21 November 2014
It all began when I was deployed as a Deputy Sister in charge of the High Dependency Unit (HDU) in July 2011. My major role was to team up with the then in charge, Prosy Namukwaya, to improve the quality of care for women with critical conditions in the department of Obstetrics and Gynaecology.
Maternal mortality rates in Uganda are very high, at 438 deaths per 100,000 live births, with a still birth rate of 30 deaths per 1,000 total births. Mulago Hospital is a national referral hospital which carries out approximately 70 deliveries per day, with neonatal and maternal mortality rates also very high.
The idea to start a High Dependency Unit (HDU) came up after Dr. Muyingo Mark and Dr. Nakubulwa visited Liverpool Women’s Hospital in the UK with the Liverpool-Mulago Health Partnership. With funding from The Eleanor Bradley Fellowship Trust, the Obstetric HDU Project was initiated in October 2010, with the aim of improving the hospital’s ability to render improved services to the large female population.
We were a group of twelve midwives newly deployed from other wards to work in the HDU and were not conversant in managing critically ill patients. Thus, a training workshop was organized by the UK team, Professor Andrew Weeks and Dr. Sarah Hoyle, to build capacity for all the HDU staff. The knowledge gained from this workshop, plus continuous mentorship and supervision, meant the HDU midwives were able to use their new knowledge and skills to assess and manage acutely ill adults.
I will never forget a woman who was returned from theatre immediately post-surgery. The midwife had not carried out her post-operative observations and had hurried her out of theatre to go off duty. She wheeled her to the HDU and left without handing over to the HDU team. The woman was sitting in a pool of blood, very pale, and with an African Maternal Early Warning Score (AMEWS) of 8. (It is now mandatory for all women admitted in the HDU to be scored and intervention carried out based on the AMEWS score.) UK volunteer, Dr. Emily Lewis, was summoned for help and immediately put up a normal saline 0.9%, which was run very fast and also established a second line to resuscitate for adequate fluids. With that promptness the collapsed woman was revived and returned to theatre for further interventions. She was a near miss!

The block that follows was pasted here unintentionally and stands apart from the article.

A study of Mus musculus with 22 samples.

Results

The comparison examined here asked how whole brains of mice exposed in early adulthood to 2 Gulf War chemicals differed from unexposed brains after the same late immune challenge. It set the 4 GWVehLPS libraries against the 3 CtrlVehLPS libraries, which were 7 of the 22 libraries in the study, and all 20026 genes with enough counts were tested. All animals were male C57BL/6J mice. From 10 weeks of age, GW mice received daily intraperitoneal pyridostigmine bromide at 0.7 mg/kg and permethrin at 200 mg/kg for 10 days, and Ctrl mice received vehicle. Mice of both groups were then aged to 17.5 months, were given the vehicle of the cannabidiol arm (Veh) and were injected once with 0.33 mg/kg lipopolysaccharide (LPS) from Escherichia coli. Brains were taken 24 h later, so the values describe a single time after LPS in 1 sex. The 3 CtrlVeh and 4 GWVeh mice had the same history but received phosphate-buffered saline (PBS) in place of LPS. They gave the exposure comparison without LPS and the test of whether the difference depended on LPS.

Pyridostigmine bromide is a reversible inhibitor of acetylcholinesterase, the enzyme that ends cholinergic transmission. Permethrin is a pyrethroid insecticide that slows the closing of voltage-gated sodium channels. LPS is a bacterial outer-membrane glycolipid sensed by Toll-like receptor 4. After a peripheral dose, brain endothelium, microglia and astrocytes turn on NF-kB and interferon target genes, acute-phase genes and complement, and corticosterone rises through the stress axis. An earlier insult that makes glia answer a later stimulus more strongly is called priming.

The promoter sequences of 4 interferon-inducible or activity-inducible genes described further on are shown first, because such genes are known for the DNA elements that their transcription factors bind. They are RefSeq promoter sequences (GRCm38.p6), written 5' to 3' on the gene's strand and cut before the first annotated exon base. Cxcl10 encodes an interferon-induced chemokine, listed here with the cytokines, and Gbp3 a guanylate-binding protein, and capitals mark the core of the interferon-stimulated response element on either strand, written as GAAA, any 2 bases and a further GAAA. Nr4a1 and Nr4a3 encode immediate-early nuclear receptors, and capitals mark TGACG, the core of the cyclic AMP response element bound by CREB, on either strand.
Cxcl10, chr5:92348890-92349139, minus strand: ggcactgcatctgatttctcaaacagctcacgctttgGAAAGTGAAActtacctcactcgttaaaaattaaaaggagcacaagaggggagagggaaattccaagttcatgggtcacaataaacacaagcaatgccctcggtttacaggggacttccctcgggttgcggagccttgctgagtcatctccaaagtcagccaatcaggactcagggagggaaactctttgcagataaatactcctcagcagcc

Learning from Dr. Emily the importance of a good team and promptness in managing emergencies, I was motivated to train, guide, and support the HDU team, and other midwives, to strengthen their knowledge and skills in managing obstetric emergencies. Together with Dr. Jo Sinclair and other UK trainers, we conducted a training workshop at Kansagati HCIV in preparation for the proposed re-opening of the operating theatre, where emphasis was on post-operative observations and infection control measures.
We have also successfully developed a unit culture to review all maternal deaths and near misses (Maternal and Perinatal Death Review, MPDR), so as to generate next steps in improving care. The HDU is now a model ward, where prescribed drugs are administered on time and with good record keeping. The challenge now faced is the high staff turnover due to frequent change over. This calls for more funds and time to conduct more training for newly deployed staff.
My trip to Liverpool in 2012 was very interesting and informative. I saw and admired how things are done differently and greatly desired to bring about a change at my unit. I recalled the situation back home, where there were inappropriate hand hygiene practices carried out by the doctors and midwives while making ward rounds. The unit had many faulty hand washing sinks; we lacked infection control protocols and basic reminders when going in to the main labour ward; the shower rooms were not functional and women went in to labour in a very unhygienic state. Waste disposal methods within the labour ward were inexcusable, with very old broken waste bins, without lids, predisposing new mothers to postpartum infections. The exposure I got while on my exchange visit at Liverpool Women’s Hospital, prompted me to lay down strategies to improve infection control measures at my hospital. Among these was to conduct mandatory trainings in infection control, establish a link system, and to carry out clinical infection control audits for each unit in the department. We managed to conduct a number of trainings and also identified link staffs on all obstetric wards. However, due to limited funding, we were not able to conduct training on clinical audits.
There is generally a new outlook to the entire hospital, which the HDU has painted. There are now alcohol rubbing facilities mounted near entry points for the HDU and labour ward. More thanks to Mulago Hospital’s top management and the Deputy Director, Dr. Birabwa Male, who lobbied for funding to roll out the hand hygiene project to all of the hospital’s wards. Twelve pedal bins were bought and placed within the labour ward and surrounding units, to improve waste management within the labour ward. I’m grateful to the UK volunteers for the contribution they made towards strengthening our midwives capacity to implement simple, routine procedures. I have continued to guide midwives to put into practice what they had learnt from the UK volunteers. Such as triaging in the admission area of the labour ward, newborn resuscitation skills, labour monitoring using a Partograph, infection control measures and using the AMEWS.
You can find out more about the Liverpool-Mulago Partnership here.